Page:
Sympathy for the King

(read full article here

Michael Jackson was once, perhaps, the world’s most widely loved figure. At the height of his fame crowds flocked to him as if he possessed a super-human magic.

He filled stadiums around the world like a pied-piper leading mankind to a place of entertainment it had never before visited.

Yes, he was loved.

Later, Michael Jackson was sued.

It seemed that there were as many young boys in the world suing Jackson for sexual harassment as there were young boys mimicking the moonwalk and singing along to “Thriller”.

His reputation drastically changed. The term “wacko” became widely associated with images of a pasty white figure, dressed in white, sometimes wearing a surgical mask, wearing a nose that seemed to shrink with each year.

The idiosyncrasies of Michael Jackson began to overshadow his fame as an entertainer. The man grew into a tabloid figure of monstrous proportions – monstrous because of his unrivaled celebrity; monstrous because of the brutally personal nature of the accusations made against him.

Michael Jackson, celebrated as if he were super-human, was berated and mocked as if he had no human feelings. His behavior was secretive and bizarre.

It seems now that he was quite possibly a long-time drug addict, popping pills as he held babies out from balconies, as he danced and sang, and as he cloistered himself off in regal privacy. But what should we expect of an iconoclastic star who radically changed the dynamics of popular music?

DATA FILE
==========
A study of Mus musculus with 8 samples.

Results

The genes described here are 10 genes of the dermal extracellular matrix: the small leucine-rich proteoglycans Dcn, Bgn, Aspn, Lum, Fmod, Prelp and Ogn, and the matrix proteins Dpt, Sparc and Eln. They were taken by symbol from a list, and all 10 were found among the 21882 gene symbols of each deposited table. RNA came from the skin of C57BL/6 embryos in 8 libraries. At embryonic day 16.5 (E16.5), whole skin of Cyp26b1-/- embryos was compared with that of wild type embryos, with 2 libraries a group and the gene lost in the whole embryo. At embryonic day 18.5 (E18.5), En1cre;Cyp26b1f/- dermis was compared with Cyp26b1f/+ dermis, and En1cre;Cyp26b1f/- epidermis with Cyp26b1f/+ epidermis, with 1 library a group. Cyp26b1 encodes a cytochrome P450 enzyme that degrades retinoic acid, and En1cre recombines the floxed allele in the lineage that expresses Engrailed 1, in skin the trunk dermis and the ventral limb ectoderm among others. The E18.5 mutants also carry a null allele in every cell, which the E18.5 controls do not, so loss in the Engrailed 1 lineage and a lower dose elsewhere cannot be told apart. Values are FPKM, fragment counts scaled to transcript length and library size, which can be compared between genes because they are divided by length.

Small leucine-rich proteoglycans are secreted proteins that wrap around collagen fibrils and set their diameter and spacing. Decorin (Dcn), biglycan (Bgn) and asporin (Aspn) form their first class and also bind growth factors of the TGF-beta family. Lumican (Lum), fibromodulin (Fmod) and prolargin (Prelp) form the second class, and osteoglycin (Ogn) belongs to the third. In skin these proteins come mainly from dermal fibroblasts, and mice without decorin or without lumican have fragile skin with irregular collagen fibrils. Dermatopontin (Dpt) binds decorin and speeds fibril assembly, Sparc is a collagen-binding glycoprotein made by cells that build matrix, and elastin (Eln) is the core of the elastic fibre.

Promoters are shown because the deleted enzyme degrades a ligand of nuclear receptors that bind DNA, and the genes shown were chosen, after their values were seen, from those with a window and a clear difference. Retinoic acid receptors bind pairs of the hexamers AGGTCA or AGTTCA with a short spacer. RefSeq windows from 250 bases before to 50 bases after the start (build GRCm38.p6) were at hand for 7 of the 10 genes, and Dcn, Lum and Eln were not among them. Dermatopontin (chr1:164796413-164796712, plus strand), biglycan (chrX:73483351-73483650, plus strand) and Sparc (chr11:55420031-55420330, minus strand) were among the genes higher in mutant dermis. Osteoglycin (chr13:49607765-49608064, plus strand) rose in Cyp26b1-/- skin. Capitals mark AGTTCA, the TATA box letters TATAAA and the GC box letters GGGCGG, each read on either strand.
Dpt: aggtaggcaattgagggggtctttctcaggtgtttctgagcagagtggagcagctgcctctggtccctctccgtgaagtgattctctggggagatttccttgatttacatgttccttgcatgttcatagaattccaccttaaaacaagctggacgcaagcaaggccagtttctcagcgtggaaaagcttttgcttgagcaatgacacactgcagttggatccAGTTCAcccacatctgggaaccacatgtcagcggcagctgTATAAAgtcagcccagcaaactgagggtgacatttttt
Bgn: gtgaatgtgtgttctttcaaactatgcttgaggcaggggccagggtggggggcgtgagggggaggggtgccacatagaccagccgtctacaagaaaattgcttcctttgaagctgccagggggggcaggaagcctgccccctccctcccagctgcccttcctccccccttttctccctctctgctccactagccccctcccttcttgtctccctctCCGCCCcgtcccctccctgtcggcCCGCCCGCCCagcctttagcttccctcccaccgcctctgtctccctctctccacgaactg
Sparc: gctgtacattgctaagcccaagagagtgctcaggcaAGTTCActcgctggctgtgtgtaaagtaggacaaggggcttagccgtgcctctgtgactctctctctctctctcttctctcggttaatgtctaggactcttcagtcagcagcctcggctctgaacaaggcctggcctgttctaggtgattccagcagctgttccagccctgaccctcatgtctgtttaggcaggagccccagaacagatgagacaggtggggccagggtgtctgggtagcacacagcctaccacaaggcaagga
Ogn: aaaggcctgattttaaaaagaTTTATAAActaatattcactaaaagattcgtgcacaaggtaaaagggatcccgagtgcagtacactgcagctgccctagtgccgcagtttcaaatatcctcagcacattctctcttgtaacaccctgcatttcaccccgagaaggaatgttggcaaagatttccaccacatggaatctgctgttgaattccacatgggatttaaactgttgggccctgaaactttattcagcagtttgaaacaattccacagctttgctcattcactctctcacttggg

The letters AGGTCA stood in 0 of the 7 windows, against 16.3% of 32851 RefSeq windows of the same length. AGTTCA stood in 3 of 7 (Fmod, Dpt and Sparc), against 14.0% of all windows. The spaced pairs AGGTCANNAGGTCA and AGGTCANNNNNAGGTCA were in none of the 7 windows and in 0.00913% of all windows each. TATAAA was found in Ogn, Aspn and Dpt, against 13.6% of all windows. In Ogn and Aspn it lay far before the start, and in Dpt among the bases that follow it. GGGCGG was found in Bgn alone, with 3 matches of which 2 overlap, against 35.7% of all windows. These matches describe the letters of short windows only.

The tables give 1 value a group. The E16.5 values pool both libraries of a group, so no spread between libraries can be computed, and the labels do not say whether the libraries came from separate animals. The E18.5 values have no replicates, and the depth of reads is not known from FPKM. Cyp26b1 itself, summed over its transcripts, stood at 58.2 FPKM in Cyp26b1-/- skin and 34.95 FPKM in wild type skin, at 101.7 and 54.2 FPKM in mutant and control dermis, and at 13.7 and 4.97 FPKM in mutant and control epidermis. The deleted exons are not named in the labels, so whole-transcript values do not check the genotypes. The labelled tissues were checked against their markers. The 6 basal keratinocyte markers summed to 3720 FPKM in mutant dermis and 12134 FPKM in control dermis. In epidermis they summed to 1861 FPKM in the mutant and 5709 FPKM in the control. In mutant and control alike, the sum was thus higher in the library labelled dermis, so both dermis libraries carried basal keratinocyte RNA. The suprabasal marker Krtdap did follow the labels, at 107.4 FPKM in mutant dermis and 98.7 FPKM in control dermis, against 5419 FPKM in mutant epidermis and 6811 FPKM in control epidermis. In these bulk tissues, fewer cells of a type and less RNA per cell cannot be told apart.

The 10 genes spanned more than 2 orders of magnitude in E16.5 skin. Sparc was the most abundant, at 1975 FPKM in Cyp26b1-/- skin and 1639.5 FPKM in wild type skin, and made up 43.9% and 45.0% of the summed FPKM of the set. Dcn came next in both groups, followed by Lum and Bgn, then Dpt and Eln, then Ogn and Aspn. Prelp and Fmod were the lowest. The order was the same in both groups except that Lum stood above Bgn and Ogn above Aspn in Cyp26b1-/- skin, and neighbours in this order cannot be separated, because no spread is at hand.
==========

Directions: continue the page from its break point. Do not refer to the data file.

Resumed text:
Didn’t Miles Davis and Jimi Hendrix use substances? Didn’t they live lives apart? Yet they received sympathy where Michael Jackson did not.

Miles Davis and Jimi Hendrix were forgiven – for their genius.

And while the genius of Michael Jackson went unchallenged through his legal battles and personal ordeals, he was treated like garbage. Because he was so different, so unique, so alien to standard modes of behavior, he was vilified.

Certainly, if any of the allegations against Michael Jackson had been proven, there could be no reasonable argument made for Jackson’s right to sympathy and humane treatment.

The charges against him never were proven, however, and as small as his nose might have gotten, he was still a person of deep feeling, great talent, and profound popular significance.

Treating him without sympathy is like putting a king into a monkey cage. It demeans all of us who look and point and grin, not just the king.

You can see more of my work, including this article, on Associated Content and at Bukisa.